When we published Anne Barschall’s “On Marriage and Divorce—With a Proposition Bound to be Controversial” in June, we suspected it would elicit a response. We agreed that Friend Barschall raised some interesting and valid points, although Senior Editor Robert Dockhorn and I wouldn’t necessarily have come to the same conclusions as our author. We did hear from many of you, by phone, email, and letters. One article in this issue, Ron McDonald’s “Reflections on the Purpose of Marriage” (p. 8), arrived in direct response; another, Nancy Wick’s “Saying ‘I Do’ Anew” (p. 11) reflects on the value of renewing marriage vows under the care of one’s meeting.
Ron McDonald makes some excellent points, and I am particularly taken with his thoughts that “marriage creates a sanctuary where people can learn to love as equals” (which, he observes, is not inborn) and “marriages are like crucibles where iron ore is heated so that the slag can be discarded and steel can be formed,” capturing both the sacred and the gritty elements of a good marriage. Next month my husband, Adam, and I will celebrate our 25th wedding anniversary, and I must say I can honestly appreciate those observations! Ron McDonald suggests that we need to share and better support each other within our meeting communities by being much more open about the challenges and rewards of our own marriages. It’s a useful suggestion I hope Friends will take to heart.
During my years in New York Yearly Meeting, co‐directing Powell House with my husband, I became keenly aware of the remarkable amount of prison ministry that is taking place in that yearly meeting. In this issue, we acknowledge that ministry in a small way with the inclusion of Edward Stabler’s “Auburn Prison Friends Meeting after 30 Years” (p. 16), and two pieces by Quaker prisoners: Ismael Melendez’s “To Friends: A Call to Duty” (p. 18) and John Mandala’s “Service: Prisoners Doing Ministry” (p. 20). I imagine that serving a prison sentence at any time is difficult to bear, which our criminal justice system purposefully intends. To be incarcerated during a period such as the one in which we are living, with terrorist threats abounding and great uncertainty affecting all in the U.S., must increase the burden of incarceration considerably. In light of this, I am especially impressed with John Mandala’s recounting of ways that prisoners find to be of service, despite the extremely limited circumstances within which they must function. To meet and serve the needs of others is surely one of the best ways to overcome a sense of helplessness in the face of overwhelming circumstances. Given the present condition of our nation, a good many of us could benefit from gaining the perspective that John Mandala writes about, including our nation’s leaders.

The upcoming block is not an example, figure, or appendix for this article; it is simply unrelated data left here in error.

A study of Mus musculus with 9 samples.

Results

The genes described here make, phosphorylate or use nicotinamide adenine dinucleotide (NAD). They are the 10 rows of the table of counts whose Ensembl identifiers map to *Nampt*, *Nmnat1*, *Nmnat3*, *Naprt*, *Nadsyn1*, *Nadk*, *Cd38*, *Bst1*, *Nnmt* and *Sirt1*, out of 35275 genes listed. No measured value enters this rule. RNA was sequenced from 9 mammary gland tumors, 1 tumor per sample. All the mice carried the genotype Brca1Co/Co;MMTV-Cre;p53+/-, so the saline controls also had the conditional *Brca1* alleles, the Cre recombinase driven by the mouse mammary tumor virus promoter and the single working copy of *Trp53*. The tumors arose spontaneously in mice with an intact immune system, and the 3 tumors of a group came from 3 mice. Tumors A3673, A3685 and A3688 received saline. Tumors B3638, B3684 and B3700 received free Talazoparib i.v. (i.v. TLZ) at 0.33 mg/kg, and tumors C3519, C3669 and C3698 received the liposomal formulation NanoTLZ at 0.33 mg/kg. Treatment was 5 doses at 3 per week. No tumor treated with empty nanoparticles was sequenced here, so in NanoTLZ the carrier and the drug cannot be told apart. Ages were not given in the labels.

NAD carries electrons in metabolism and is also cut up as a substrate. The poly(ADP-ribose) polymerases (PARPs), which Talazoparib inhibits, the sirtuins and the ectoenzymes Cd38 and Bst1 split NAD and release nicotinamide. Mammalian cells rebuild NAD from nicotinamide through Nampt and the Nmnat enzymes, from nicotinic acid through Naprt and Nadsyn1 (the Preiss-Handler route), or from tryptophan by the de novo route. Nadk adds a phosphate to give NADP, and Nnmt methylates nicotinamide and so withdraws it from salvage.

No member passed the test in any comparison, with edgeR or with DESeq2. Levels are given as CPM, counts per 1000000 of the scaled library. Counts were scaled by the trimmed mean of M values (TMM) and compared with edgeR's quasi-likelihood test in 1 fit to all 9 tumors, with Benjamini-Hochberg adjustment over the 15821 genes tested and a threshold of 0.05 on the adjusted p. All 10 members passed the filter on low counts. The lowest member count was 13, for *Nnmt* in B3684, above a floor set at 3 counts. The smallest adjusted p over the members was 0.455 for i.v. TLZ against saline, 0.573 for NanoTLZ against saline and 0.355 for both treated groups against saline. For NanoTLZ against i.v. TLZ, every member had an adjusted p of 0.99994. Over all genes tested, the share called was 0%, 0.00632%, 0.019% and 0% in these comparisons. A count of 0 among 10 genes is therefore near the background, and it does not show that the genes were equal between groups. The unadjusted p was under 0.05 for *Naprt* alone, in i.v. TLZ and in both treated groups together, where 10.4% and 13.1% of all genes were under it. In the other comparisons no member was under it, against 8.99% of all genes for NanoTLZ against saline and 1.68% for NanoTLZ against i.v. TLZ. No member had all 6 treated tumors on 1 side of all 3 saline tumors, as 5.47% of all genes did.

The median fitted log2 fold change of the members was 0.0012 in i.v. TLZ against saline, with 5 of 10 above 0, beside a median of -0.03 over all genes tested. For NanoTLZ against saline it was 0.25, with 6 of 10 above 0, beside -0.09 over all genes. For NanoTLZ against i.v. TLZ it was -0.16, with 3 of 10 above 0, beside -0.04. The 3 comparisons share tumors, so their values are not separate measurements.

Much of my summer has been focused on hiring. Herb Ettel, our webmanager (living and working for us in Washington, D.C.), resigned this spring after taking on a very demanding new full‐time job working with OMB Watch (an organization that promotes government accountability and citizen participation). We miss him, but understand his passion to effect social change. We posted the position and received 111 applications, most from exceedingly well qualified individuals. I’m pleased to announce that I’ve appointed Peter Deitz, of Montreal, Canada, to take over this post. Peter, a U.S. citizen, holds degrees from McGill University and the University of Toronto. While growing up, he first encountered Quakers at Camp Onas in Pennsylvania, and then later, at the camps of Farm and Wilderness in Vermont. Peter acquired his web skills working for an Internet development company in New York City and later joined the staff of Farm and Wilderness as a freelance web designer. Now residing in Canada, he is eager to put his web skills to use in the service of nonprofit organizations working for peace and social justice. We are delighted to have him join us!